The Hardest Places to Get Planning Permission Revealed
10 November 2020
By Jeremy Greer
Research from Roofing Megastore has revealed where in the UK it is most difficult, and most easy, to get planning permission approved for your property.
Online roofing merchant, Roofing Megastore, conducted research to find out the hardest places to get your planning permission approved
in the UK.
They analysed three years of data from the Ministry of Housing, noting how many applications were either accepted or rejected in over 300 district planning authorities. On average 91% of planning permission requests across the whole country are approved, however when you look at individual districts, the likelihood can change dramatically.
The Hardest Places
Roofing Megastore’s research found that the most difficult place to get planning permission in the UK is Enfield with an approval rate of 65.13%. This is 26% lower than the national average. Hillingdon follows close behind with a rate of 66.01%. This aligns with the fact that a whopping 8 out of the top 10 hardest places to get planning permission are in London. Only one is located in the north of England: Rochdale, Greater Manchester is 7th
What this shows us is that the UK capital is not an ideal location for someone wishing to expand and renovate their home. They are more likely to waste money applying for planning application, only for it to be rejected.
However, it is important to note that 65% is not a drastically low figure, we can see that over half of all applications are still approved. Wishing to build onto your home is therefore not out of the question across London, but it is important to be aware of the higher risk of rejection.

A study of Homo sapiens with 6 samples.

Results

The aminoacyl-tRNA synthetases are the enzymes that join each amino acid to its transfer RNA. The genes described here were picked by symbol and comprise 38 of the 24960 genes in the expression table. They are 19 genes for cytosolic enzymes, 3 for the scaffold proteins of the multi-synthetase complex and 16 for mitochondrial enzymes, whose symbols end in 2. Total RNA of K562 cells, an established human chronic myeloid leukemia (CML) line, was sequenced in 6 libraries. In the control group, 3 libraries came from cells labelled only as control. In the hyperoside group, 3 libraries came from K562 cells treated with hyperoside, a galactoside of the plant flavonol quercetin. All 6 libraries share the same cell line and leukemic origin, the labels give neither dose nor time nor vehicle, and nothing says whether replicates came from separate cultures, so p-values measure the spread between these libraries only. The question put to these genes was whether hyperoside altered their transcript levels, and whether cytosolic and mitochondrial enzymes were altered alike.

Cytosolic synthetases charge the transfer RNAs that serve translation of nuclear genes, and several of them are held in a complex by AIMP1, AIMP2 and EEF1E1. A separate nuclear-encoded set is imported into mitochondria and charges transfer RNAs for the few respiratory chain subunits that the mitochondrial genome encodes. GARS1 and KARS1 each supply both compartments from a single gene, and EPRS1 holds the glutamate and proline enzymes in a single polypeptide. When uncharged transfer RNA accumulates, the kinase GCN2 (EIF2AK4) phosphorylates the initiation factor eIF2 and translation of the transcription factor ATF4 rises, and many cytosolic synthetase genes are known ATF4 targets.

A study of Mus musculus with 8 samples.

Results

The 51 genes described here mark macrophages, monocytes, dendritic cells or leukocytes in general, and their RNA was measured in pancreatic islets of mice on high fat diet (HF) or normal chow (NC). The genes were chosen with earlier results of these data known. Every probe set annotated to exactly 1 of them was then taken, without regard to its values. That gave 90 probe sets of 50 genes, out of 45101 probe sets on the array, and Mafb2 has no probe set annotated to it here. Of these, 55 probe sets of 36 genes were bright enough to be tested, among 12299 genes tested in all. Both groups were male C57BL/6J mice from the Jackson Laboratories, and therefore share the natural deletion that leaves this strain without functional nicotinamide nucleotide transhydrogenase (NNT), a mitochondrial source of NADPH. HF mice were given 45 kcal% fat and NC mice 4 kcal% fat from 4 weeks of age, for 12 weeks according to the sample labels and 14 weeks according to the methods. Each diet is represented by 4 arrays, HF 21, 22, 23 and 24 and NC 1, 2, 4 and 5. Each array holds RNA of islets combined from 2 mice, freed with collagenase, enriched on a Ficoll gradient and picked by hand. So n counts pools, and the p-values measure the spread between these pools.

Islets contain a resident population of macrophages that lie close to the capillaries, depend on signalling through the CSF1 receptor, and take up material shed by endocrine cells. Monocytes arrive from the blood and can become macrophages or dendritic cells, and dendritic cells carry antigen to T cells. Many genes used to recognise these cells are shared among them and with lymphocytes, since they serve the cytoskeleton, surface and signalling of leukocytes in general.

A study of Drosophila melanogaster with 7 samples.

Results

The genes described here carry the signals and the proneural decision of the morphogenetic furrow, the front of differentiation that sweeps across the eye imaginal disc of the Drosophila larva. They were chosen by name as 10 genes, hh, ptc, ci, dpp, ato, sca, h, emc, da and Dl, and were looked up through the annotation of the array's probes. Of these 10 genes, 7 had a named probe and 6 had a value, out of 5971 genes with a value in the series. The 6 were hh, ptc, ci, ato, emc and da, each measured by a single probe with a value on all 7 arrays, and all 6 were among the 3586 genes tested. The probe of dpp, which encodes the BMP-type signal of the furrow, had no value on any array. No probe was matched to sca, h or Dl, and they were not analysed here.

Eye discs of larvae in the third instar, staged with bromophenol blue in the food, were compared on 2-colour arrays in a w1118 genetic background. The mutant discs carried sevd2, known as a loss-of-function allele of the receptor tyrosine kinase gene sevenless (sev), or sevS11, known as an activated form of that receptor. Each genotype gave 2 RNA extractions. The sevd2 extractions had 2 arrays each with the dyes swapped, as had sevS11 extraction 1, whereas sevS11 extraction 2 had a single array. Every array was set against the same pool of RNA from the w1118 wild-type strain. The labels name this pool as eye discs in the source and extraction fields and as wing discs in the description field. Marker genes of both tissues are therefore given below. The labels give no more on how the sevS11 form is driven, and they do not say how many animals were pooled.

The 10 Hardest Places to Get Planning Permission in England: (based on % of applications granted)
||% of applications granted
|Rochdale, Greater Manchester
The Easiest Places
On the other side of the coin, the research found that the easiest place to get planning permission in the UK is Carlisle in Cumbria, with an approval rate of 98.90%. Copeland and Eden, both also in Cumbria, showed up in the top 10 as well, 2nd
respectively. The spread of districts was much wider here, with locations ranging from the North East to the Midlands to the South West of Britain. Though 6 out of 10 are more northerly.
With this data, it’s not as easy to pinpoint which part of the country it’s best to go to in order to get planning permission. However, based on the national average and the fact that these figures hover around 97-98% we can deduce that the further you move away from big cities like London and Manchester and into rural areas, the easier it is to build on or expand your property.
The 10 Easiest Places to Get Planning Permission in England: (based on % of applications granted)
||% of applications granted
|Richmondshire, North Yorkshire
|Vale of White Horse, Oxfordshire
|County Durham, North east
|Cornwall, South West
|North West Leicestershire, Midlands/ Rushmore, Hampshire
|Darlington, County Durham
Why is this the case?
As well as understanding where the easiest and hardest places to get planning permission are, we need to consider why they appear on these lists. Getting approved or rejected for planning permission can depend on a number of factors, including your neighbours, the site you want to build on, the type of structure you want to build and the status of the property itself.
We can see that built up areas like London and Manchester are harder to get planning permission in than rural areas like Cumbria. In these cities you are more likely to have neighbours that may disapprove of your plans. The lack of space may also be an issue, meaning that the limited land you wish to build on could be unsuitable for building or your local authorities may disapprove of you reducing open spaces they have.
So, if you live in one of these areas highlighted as being difficult to get planning permission, it is important to consider what may stop you before you go to apply. Perhaps do some research on why people near you have been rejected in the past and see what you can do, if anything, to avoid this.